MusicInterviewCorner conducted an interview with guitarist Wolf Hoffmann and bassist Peter Baltes of the legendary German/American metal band ACCEPT on September 28 in Helsinki, Finland. You can now watch the chat below.
Asked about ACCEPT's early image, when they were often seen dressed in army uniforms, Wolf said: "That was the time of 'Russian Roulette' and 'Metal Heart' and those years back in the '80s. Yeah, it was just what we did back then. It was fun. It was a humorous attempt to make fun of the whole military aspect of things. But in our lyrics we were always dealing with that subject in a very serious manner, but on stage it wasn't meant to be all serious. It was just a look. It was good."
Regarding who was responsible for coming up with the visual imagery for ACCEPT, Wolf said: "Well, my wife and our manager, Gaby, has a lot of these ideas over the years; she's responsible for a lot of the lyrics and a lot of the album covers, a lot of ideas. Everything around the band, really, in one way or another way goes back to her ideas. She's really the invisible, silent force behind this band. Sometimes we're just like puppets on a string and she's guiding us from above. A mind controller."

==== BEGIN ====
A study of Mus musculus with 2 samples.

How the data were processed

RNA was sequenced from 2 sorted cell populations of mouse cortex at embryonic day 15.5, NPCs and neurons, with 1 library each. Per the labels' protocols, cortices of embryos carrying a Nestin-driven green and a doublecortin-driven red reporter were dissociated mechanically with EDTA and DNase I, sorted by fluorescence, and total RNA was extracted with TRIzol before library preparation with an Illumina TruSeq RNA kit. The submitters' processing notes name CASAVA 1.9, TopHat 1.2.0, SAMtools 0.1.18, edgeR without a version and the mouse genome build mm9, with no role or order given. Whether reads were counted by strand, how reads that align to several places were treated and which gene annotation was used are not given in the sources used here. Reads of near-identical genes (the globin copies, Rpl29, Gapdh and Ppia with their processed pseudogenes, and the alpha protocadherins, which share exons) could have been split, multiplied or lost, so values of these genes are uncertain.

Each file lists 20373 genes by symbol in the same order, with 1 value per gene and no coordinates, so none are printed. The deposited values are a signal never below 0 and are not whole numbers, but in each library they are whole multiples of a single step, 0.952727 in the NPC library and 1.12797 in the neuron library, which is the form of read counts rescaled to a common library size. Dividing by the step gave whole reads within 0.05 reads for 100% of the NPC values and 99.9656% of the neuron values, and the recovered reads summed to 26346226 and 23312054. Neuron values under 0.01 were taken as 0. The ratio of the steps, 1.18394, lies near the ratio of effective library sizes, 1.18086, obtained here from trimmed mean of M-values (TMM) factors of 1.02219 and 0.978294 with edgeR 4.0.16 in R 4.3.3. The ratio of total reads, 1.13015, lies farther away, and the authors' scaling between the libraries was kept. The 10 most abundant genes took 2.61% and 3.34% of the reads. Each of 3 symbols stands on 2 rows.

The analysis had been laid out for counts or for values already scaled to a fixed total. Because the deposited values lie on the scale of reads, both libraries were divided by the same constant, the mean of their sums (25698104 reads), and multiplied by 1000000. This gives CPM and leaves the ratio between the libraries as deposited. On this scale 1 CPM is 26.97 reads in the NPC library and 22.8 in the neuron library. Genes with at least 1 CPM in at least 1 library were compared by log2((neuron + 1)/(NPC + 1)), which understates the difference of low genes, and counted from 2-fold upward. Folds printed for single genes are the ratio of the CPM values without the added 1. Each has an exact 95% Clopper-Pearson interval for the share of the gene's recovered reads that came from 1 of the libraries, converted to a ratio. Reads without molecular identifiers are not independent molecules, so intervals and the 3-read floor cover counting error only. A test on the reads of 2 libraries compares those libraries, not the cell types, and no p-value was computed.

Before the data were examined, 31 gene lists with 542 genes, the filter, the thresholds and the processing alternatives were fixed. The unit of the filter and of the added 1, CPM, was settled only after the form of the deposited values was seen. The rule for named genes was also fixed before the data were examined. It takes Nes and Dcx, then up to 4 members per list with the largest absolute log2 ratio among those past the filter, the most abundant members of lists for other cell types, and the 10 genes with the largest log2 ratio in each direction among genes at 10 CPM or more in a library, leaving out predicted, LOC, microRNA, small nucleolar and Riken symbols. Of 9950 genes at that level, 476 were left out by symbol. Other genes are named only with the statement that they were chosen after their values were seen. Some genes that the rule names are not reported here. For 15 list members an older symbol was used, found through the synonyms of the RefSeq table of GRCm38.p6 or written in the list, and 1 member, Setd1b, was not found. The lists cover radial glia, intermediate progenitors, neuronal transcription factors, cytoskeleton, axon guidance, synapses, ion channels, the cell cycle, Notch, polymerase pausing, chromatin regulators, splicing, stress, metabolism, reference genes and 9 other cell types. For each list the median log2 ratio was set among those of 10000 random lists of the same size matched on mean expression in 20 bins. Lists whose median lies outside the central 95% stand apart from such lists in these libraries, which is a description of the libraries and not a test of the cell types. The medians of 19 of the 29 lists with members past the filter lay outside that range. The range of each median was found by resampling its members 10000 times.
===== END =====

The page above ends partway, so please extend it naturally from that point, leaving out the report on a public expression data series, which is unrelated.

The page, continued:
Asked if it's an advantage being married to the band's manager, Wolf said: "Of course it is. It can be a disadvantage too, because you've gotta do what she says a lot of times."
After Baltes denied that he was jealous about the fact that Wolf is married to ACCEPT's manager, Hoffmann said: "This has been going on for so long. I mean, I've known Peter for, what? 40 years now. Can you imagine? We've been playing and writing songs together for all these years, so something seems to work here."
The latest ACCEPT album, "Blind Rage", was released on August 15 via Nuclear Blast. Like its two predecessors, 2010's "Blood Of The Nations" and 2012's "Stalingrad", the new effort was helmed by British producer Andy Sneap, who has previously worked with MEGADETH, EXODUS, TESTAMENT, ARCH ENEMY and KILLSWITCH ENGAGE. The cover artwork was created by Daniel Goldsworthy.
"Blind Rage" sold around 6,400 copies in the United States in its first week of release.